PGA Tees Up Training with Certification Customized to Career Paths

New development program bridges generational gap

Kathy Gurchiek By Kathy Gurchiek October 18, 2017
PGA Tees Up Training with Certification Customized to Career Paths

There's more to being a golf pro than helping golfers work on their swing. The many roles of a Professional Golfers Association (PGA) of America member ultimately are geared at generating revenue.

A PGA member manages the pro shop and the salespeople who run it, works with groundskeepers and maintenance staff, produces daily reports on sales and course use, teaches people to play the game, and oversees tournaments and other events.

Each of the more than 28,000 male and female professionals who make up the self-described "world's largest working sports organization" is required to maintain a full-time job in one of four PGA career paths and to keep current in professional development requirements.

The PGA of America has long offered certification and career paths, and it has partnered with universities since 1975 to offer an accredited golf management program. Through the university program, students earn degrees in marketing, business administration, hospitality administration, recreation and park management.

However, a drop in the number of people who golf prompted the PGA of America recently to design "an action plan for growth," according to a Skillsoft case study of the PGA of America.

Skillsoft, based in Nashua, N.H., is an educational technology company that produces learning management system software and content.

"The glaring challenge standing in the way of delivering a training initiative was a very real generational gap," Skillsoft noted. "New members are roughly 30 years old when they join, with an average member age of 45 years. This means there is about a 50/50 split in membership, with half being more 'tradition' oriented and the other half being more digitally-focused."

With employees from four generations in the workplace, 14,000 of whom are under age 50, "We've had to be pretty clever in how to keep them [all] engaged," said Dawes Marlatt, senior director of education and employment at the PGA of America.


Skillsoft worked with PGA of America to create a learning and development program—Certified Professional Program (CPP) 2.0—whose content is customized to different career paths and delivered through interactive online courses. Veteran members and a "who's who" of industry professionals validated the content and are championing the training.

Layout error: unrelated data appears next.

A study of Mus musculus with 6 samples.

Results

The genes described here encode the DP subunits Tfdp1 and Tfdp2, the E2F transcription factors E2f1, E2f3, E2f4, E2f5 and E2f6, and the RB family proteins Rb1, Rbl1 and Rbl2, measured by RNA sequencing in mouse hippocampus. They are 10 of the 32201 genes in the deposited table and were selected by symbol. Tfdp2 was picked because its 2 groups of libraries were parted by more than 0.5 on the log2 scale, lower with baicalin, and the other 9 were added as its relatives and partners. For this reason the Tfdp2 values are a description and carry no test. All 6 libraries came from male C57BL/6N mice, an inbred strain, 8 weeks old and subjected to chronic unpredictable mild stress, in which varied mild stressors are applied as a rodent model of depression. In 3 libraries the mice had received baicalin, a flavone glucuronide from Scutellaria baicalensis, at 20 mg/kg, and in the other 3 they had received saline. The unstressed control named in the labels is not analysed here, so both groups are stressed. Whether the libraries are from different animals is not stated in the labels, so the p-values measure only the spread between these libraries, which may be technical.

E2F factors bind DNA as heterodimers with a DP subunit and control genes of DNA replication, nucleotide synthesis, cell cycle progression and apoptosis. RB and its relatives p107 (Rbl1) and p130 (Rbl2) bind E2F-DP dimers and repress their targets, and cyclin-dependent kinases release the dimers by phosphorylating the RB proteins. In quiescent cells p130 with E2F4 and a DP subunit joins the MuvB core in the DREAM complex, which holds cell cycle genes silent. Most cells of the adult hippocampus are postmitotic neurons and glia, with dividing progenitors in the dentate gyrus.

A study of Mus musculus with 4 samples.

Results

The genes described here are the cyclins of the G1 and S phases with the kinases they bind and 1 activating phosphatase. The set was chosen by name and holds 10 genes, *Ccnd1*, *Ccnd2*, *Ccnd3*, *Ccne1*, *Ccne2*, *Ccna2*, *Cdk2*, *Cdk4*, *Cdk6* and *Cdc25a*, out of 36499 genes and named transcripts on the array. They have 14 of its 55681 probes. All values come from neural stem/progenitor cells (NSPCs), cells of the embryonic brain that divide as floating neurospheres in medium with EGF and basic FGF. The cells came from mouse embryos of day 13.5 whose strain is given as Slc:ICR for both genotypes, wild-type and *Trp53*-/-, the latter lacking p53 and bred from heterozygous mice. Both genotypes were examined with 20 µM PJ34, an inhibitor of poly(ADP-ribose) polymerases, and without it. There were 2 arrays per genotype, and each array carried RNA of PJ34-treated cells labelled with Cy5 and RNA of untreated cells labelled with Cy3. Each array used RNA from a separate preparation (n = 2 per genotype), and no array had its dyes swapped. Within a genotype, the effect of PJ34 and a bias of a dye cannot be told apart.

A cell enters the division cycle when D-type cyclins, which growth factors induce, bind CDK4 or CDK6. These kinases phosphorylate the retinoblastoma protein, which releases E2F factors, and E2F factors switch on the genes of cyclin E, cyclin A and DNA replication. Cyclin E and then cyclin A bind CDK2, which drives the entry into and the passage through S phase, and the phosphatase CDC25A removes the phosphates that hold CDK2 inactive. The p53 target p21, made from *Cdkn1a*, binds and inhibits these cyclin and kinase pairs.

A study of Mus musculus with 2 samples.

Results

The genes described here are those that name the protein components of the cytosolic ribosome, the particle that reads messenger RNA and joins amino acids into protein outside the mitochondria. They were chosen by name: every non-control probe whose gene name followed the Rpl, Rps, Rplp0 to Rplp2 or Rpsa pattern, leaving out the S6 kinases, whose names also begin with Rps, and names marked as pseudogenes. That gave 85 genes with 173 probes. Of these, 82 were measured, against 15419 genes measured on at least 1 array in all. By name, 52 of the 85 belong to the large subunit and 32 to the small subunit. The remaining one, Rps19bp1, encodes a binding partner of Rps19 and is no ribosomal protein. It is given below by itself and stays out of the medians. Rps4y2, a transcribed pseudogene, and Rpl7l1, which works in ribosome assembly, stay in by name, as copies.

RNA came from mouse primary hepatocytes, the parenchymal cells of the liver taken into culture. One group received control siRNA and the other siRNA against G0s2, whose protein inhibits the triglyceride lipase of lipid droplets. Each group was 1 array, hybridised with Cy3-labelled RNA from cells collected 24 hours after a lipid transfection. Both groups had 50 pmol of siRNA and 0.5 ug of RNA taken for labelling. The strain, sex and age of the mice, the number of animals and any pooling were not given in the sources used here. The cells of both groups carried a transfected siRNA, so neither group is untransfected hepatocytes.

CPP 2.0 includes e-learning; PGA Connect, an online platform for members to ask each other questions and seek advice; research analytics to track learning metrics, and computer-based testing, according to Skillsoft.

There are 17 custom courses for apprentice training—although the PGA of America is moving away from the term "apprentice"—and 26 courses for member training. Serving as a registered apprentice and completing the PGA Professional Golf Management Program are the first steps to becoming a PGA member. 


CPP 2.0, introduced in 2016, ties its courses to four different certifications: 

  • Golf operations.
  • General management.
  • Player development.
  • Teaching and coaching. 
Certifications are less broad than ones the PGA of America awarded in the past and have been consolidated around the four career paths of executive management, golf operations, teaching and coaching, and player development.

Player development certification, for example, explores consumer behavior, sales skills and techniques for building a better overall golf business—including engaging the lapsed golfer. Online course elements might include a video of a customer interaction and asking the participant to evaluate how to handle the scenario.

Certification program participants complete assigned reading and course work and write a paper that summarizes how the particular training and development impacted the employee's job performance. Participants also must complete a project on what they learned in their chosen certification path that has real-world implications—for example, creating a plan to hire, train and supervise seasonal employees.

Program participants may call someone in the PGA of America education department with questions or to seek guidance on a project, said Mike Aldrich, PGA of America player development regional manager for Virginia, Maryland and Washington, D.C., at the time of his interview with SHRM Online. "This isn't some [artificial intelligence] algorithm that's figuring out [how you're doing]. Right from the beginning, you're introduced to who's going to support you through the [learning] process," he said.

Tom Morton, director of player development for the PGA of America, said that furthering his education through the certified professional program and the master professional program—the highest designation—has been one of the best moves of his career.

"It has solidified my beliefs about successful ways to do business, forced me to look at those practices I needed to change, and created an incredible platform for me to spend valuable time with other amazing [PGA] professionals," he told SHRM Online in an e-mail. "This has had a positive effect on my life and business."